Press Release Article


Date: Jun 17, 2004
Press Release Number: 79-2004

The Port Authority today launched a record $809 million investment in its Port Authority Trans-Hudson (PATH) rapid-transit rail system by formally seeking proposals from contractors to replace or rehabilitate its entire railcar fleet.

The request for proposals calls for the design and fabrication of 246 new rail cars. As part of their proposal, contractors also were required to submit alternate bids for the rehabilitation or replacement of an additional 94 cars.

The $809 million program cost also includes the award of several contracts for car maintenance equipment, renovations to the Harrison Maintenance Facility, and preliminary work on a new signal system. It is the largest single investment in PATH since the Port Authority acquired it from the Hudson and Manhattan Railroad in 1962.

New Jersey Governor James E. McGreevey said, “For more than 40 years, the PATH system has provided a key mass transit option that allows commuters to spend less time in their cars and more time with their families. These new PATH cars will demonstrate our unwavering commitment to public transportation in New Jersey, and will help my administration improve the quality of life for all commuters by reducing congestion at our bridges and tunnels.”

New York Governor George E. Pataki said, “This historic investment in PATH will continue our monumental effort to restore the economy and vitality that existed in Lower Manhattan before the tragic September 11, 2001, attacks. These new cars will convince even more people to use public transportation when traveling to jobs or recreation activities in Lower Manhattan and in other parts of the city.”

Port Authority Chairman Anthony R. Coscia said, “The purchase of new PATH cars is a critical component of the Port Authority’s ambitious $8.7 billion capital plan, which will allow us to fulfill our regional mandate to enhance the transportation system in New York and New Jersey. In addition to buying new PATH cars, the Port Authority also is finalizing plans to build a spectacular World Trade Center Transportation Hub that will rival the great transportation facilities throughout the country.”

Port Authority Vice Chairman Charles A. Gargano said, “The redevelopment of Lower Manhattan hinges on our ability to provide a world-class transportation system that will allow commuters and visitors to travel easily to and from the downtown area. Upgrading the PATH system is a key component of that plan, along with our efforts to improve the Fulton Street subway station and develop a one-seat ride to John F. Kennedy International Airport.”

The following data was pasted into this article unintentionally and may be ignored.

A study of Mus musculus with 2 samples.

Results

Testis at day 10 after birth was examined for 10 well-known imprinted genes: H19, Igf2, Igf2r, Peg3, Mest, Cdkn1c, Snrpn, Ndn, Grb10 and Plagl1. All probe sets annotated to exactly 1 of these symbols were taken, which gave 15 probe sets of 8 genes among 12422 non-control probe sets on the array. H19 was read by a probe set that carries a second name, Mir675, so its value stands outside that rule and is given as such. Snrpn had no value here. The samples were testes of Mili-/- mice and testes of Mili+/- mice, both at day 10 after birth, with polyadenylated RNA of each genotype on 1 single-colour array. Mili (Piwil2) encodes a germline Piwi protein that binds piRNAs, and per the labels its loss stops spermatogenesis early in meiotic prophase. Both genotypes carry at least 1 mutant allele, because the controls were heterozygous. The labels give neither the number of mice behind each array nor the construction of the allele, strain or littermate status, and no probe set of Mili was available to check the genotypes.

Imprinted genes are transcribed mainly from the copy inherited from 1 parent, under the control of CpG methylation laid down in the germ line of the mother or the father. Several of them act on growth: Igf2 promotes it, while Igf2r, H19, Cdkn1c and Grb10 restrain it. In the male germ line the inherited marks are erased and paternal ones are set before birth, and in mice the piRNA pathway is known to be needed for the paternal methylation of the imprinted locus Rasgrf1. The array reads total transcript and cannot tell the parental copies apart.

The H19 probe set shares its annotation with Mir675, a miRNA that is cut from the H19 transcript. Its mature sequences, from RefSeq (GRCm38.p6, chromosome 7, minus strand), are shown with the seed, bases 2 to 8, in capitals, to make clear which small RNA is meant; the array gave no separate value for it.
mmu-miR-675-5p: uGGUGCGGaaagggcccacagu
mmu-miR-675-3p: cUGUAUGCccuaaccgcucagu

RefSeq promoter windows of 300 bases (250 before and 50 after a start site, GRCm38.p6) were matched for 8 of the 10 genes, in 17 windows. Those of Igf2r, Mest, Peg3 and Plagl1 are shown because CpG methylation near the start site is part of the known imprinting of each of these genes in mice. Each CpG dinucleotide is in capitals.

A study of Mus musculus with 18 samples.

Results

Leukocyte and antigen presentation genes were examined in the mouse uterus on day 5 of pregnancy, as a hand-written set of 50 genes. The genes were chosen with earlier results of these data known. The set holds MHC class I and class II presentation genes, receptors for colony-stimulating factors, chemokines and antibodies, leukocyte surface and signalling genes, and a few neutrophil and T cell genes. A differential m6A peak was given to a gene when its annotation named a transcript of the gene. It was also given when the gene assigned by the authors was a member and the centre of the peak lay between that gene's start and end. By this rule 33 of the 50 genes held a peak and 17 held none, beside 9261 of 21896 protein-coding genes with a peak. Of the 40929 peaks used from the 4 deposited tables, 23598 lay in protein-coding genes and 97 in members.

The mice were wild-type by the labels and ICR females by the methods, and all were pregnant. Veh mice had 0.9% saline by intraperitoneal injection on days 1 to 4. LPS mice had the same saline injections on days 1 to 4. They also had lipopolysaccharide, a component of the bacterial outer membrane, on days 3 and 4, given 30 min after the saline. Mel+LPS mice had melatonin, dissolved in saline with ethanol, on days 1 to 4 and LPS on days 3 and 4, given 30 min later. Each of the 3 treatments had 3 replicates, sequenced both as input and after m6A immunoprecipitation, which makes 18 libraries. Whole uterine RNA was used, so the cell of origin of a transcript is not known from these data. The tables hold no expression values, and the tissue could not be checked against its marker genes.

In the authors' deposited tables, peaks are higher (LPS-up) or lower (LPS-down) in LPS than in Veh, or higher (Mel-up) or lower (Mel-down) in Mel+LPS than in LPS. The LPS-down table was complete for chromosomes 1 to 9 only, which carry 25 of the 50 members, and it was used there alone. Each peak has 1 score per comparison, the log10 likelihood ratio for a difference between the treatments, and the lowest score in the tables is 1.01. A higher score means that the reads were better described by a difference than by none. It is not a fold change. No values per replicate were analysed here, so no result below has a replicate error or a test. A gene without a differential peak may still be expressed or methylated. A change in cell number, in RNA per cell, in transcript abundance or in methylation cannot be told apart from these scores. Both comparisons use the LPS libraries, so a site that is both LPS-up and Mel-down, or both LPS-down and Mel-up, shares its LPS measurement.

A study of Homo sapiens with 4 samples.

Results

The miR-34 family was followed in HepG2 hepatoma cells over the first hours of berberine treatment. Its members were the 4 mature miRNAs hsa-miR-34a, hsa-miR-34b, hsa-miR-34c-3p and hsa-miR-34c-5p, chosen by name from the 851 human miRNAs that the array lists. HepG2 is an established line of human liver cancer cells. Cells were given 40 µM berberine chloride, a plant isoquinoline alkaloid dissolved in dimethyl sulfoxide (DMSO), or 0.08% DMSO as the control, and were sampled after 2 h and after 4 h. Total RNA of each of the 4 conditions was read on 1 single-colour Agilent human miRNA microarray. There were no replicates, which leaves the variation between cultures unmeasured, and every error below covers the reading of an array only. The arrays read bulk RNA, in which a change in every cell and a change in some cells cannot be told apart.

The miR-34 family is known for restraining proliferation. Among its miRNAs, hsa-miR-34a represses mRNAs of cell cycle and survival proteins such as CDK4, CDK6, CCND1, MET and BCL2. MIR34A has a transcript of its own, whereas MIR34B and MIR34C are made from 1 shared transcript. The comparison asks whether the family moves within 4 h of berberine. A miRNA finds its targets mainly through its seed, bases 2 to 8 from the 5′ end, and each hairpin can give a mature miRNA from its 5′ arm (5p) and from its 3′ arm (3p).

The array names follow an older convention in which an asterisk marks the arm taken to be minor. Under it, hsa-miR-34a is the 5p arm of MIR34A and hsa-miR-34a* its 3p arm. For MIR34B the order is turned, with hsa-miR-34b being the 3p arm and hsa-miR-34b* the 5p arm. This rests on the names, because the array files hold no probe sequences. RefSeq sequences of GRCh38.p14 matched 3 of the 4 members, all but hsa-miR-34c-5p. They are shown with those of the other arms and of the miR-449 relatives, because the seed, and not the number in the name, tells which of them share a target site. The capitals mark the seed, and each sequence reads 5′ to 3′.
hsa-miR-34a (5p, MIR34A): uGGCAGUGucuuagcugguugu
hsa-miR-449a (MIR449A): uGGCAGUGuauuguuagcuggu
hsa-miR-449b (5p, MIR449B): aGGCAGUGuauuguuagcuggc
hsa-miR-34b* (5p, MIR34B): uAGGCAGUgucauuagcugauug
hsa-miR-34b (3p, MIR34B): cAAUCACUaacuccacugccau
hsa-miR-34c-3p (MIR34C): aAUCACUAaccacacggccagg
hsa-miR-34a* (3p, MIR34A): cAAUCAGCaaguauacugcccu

Port Authority Executive Director Joseph J. Seymour said, “These new cars will further improve our ability to attract more riders to the PATH system. Since the opening of the temporary World Trade Center PATH Station last November, ridership at that station has far exceeded our projections, and we believe it will continue to grow once we provide our customers with the additional passenger amenities available in the new PATH cars.”

The new cars will have improved lighting, air conditioning and heating; cantilevered seats with room for passengers to store items under them; prerecorded station announcements; better signs; and three doors on each side to allow for faster loading and unloading.

The Port Authority expects to award a contract for the new PATH cars late this year, and have the first of them in passenger service in late 2008 or early 2009. The entire fleet is expected to be replaced or rehabilitated by 2011.

The Port Authority of New York and New Jersey operates many of the busiest and most important transportation links in the region. They include John F. Kennedy International, Newark Liberty International, LaGuardia and Teterboro airports; AirTrain JFK and AirTrain Newark; the George Washington Bridge; the Lincoln and Holland tunnels; the three bridges between Staten Island and New Jersey; the PATH (Port Authority Trans-Hudson) rapid-transit rail system; the Port Authority-Downtown Manhattan Heliport; Port Newark; the Elizabeth-Port Authority Marine Terminal; the Howland Hook Marine Terminal on Staten Island; the Brooklyn Piers/Red Hook Container Terminal; and the Port Authority Bus Terminal in midtown Manhattan. The agency also owns the 16-acre World Trade Center site in Lower Manhattan. The Port Authority is financially self-supporting and receives no tax revenue from either state.